TAC [University of Tsukuba Art Collection] and the Ishii Collection
The University of Tsukuba has some 600 pieces of artworks collection, namely the University of Tsukuba Art Collection, abbreviated acronym UTAC. Since 1997, the Institute of Art and Design (now reorganized as Faculty of Art and Design) has acquired more than 400 pieces from sources, such as gifts from current and retired faculty members and students and ex-students, and these pieces have been kept in a room like a storage within the research building.
In addition to these materials, from 2005 through 2010, the university authorities have received the donation of some 200 artworks from his private collection of the Tokyo resident entrepreneur Mr. ISHII Akira, whose enterprise made a financial endowment to the library-management graduate course. The so-called Ishii Collection consists some 100 Japanese and European modern paintings and works on paper, and other 100 early modern Asian porcelains. A well-design storage was established solely for this collection in the common building of the undergraduate school of art and design in 2006. The storage is now in a temperature and humidity highly controlled environment. A dedicated exhibition room was opened in 2007 within the University of Tsukuba Gallery in the University Hall.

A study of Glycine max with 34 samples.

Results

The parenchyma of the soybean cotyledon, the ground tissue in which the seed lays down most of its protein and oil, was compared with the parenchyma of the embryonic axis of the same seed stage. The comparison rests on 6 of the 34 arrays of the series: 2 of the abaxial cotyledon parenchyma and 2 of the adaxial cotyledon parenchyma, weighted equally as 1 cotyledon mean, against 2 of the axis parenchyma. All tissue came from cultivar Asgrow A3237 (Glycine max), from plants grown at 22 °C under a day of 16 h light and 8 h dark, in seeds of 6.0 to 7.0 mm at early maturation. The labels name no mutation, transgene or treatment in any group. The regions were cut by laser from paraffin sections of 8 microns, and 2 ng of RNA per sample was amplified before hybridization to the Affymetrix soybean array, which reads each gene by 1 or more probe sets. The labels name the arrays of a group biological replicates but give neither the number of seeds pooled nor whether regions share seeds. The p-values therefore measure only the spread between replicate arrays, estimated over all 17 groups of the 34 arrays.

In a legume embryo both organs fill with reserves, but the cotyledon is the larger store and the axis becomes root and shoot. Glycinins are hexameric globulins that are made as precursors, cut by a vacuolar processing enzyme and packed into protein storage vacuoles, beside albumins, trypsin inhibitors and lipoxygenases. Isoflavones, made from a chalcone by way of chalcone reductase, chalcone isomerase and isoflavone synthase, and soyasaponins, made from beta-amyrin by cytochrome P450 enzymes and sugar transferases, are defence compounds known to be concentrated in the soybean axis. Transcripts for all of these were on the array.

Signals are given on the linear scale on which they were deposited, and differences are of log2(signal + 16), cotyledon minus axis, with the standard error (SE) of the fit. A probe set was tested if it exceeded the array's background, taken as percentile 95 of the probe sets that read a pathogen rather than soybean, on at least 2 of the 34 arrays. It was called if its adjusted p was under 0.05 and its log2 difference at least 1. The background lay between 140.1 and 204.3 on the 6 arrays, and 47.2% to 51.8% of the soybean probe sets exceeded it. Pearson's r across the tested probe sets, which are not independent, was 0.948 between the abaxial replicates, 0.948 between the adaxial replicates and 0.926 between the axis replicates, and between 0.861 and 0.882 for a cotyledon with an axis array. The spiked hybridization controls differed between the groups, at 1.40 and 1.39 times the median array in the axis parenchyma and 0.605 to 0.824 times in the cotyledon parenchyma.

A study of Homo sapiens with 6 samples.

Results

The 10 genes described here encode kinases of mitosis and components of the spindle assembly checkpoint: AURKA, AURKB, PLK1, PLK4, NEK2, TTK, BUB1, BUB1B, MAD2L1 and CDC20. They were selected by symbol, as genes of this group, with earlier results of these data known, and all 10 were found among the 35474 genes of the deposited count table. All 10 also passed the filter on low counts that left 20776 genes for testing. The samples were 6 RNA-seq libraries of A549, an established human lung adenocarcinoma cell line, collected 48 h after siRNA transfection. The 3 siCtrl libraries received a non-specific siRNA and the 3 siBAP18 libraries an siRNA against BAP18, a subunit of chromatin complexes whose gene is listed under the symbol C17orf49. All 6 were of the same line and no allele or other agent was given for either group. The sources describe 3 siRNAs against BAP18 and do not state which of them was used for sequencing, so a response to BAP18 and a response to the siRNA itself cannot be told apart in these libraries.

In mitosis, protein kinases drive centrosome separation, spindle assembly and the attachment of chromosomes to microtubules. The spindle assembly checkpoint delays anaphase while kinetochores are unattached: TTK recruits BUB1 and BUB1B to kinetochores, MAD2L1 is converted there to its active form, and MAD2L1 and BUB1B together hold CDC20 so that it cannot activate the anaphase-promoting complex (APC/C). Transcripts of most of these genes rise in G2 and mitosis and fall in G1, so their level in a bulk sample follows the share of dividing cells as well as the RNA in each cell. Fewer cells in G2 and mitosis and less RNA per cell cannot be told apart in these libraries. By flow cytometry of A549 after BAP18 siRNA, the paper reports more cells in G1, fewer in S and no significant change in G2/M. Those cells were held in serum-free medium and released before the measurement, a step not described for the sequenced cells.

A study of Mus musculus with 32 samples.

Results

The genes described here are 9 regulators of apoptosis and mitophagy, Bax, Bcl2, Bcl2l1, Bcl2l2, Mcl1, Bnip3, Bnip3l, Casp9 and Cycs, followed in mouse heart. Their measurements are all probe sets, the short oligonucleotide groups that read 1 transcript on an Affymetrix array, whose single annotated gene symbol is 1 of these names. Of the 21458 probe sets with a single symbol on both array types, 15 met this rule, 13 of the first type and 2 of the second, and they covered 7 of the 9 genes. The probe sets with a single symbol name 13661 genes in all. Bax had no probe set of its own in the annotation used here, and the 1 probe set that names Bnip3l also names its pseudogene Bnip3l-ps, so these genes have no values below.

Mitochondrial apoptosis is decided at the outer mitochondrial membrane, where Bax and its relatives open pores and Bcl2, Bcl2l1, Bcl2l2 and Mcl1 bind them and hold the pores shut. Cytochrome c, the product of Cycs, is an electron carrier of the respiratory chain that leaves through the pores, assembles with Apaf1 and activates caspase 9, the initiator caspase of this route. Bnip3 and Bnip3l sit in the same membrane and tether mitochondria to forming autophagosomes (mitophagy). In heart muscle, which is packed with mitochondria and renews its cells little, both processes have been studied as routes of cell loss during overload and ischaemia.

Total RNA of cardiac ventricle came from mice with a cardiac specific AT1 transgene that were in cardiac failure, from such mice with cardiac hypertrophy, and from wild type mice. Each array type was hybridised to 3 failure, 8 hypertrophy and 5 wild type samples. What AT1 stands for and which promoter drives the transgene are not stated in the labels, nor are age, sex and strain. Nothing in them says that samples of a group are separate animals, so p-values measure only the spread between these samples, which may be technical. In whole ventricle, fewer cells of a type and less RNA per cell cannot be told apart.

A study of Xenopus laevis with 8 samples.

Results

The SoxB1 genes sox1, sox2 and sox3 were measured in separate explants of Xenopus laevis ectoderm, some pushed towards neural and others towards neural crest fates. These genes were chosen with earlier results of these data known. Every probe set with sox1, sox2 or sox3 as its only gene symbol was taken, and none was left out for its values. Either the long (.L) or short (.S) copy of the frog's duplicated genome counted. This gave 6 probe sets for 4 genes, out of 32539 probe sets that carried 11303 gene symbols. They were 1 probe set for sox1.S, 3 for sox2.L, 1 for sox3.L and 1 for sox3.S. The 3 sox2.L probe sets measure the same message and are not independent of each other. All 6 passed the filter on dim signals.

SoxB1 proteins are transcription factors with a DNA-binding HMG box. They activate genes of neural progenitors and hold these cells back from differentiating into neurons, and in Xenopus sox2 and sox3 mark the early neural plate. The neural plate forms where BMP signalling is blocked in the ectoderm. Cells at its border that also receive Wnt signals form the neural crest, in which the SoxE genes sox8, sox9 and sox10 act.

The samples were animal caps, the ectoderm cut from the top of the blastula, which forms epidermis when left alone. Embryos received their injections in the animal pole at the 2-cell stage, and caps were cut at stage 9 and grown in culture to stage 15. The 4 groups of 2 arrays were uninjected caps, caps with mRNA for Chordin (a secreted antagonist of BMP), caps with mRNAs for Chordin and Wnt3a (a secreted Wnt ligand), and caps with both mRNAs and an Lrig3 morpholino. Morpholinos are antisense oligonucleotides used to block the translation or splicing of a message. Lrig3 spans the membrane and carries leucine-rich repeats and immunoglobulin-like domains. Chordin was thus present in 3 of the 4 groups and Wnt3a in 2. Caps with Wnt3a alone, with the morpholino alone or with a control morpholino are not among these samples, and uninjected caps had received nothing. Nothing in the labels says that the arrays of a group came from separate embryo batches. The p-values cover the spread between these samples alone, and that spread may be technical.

The Faculty of Art and Design (hereinafter, abbreviated as FAD), University of Tsukuba, has a working group for UTAC management. The group members are composed of mainly art historians with experience working as a curator. FAD considers UTAC as a scholarly artistic resource and has been seeking to utilize the art collection effectively as a symbol of research, educational outcomes and business-academia collaboration.
Symposia and workshops on UTAC are organized mainly from an art historical point of view. Art works from UTAC has been loaned to art museums inside and outside Japan. One of the full-scale exhibitions of the Ishii Collection was held in April through June 2011 at the Ibaraki Ceramic Art Museum, Kasama. The exhibition cheered the disaster victim affected by the Great East Japan Earthquake occurred on March 11, 2011.
(Cited from TERAKADO Rintaro, ‘University Art Collection and Business-Academia Collaboration’, Geiso [Bulletin of the Study on Philosophy and History of Art in University of Tsukuba], 35 (2020), p. 13.)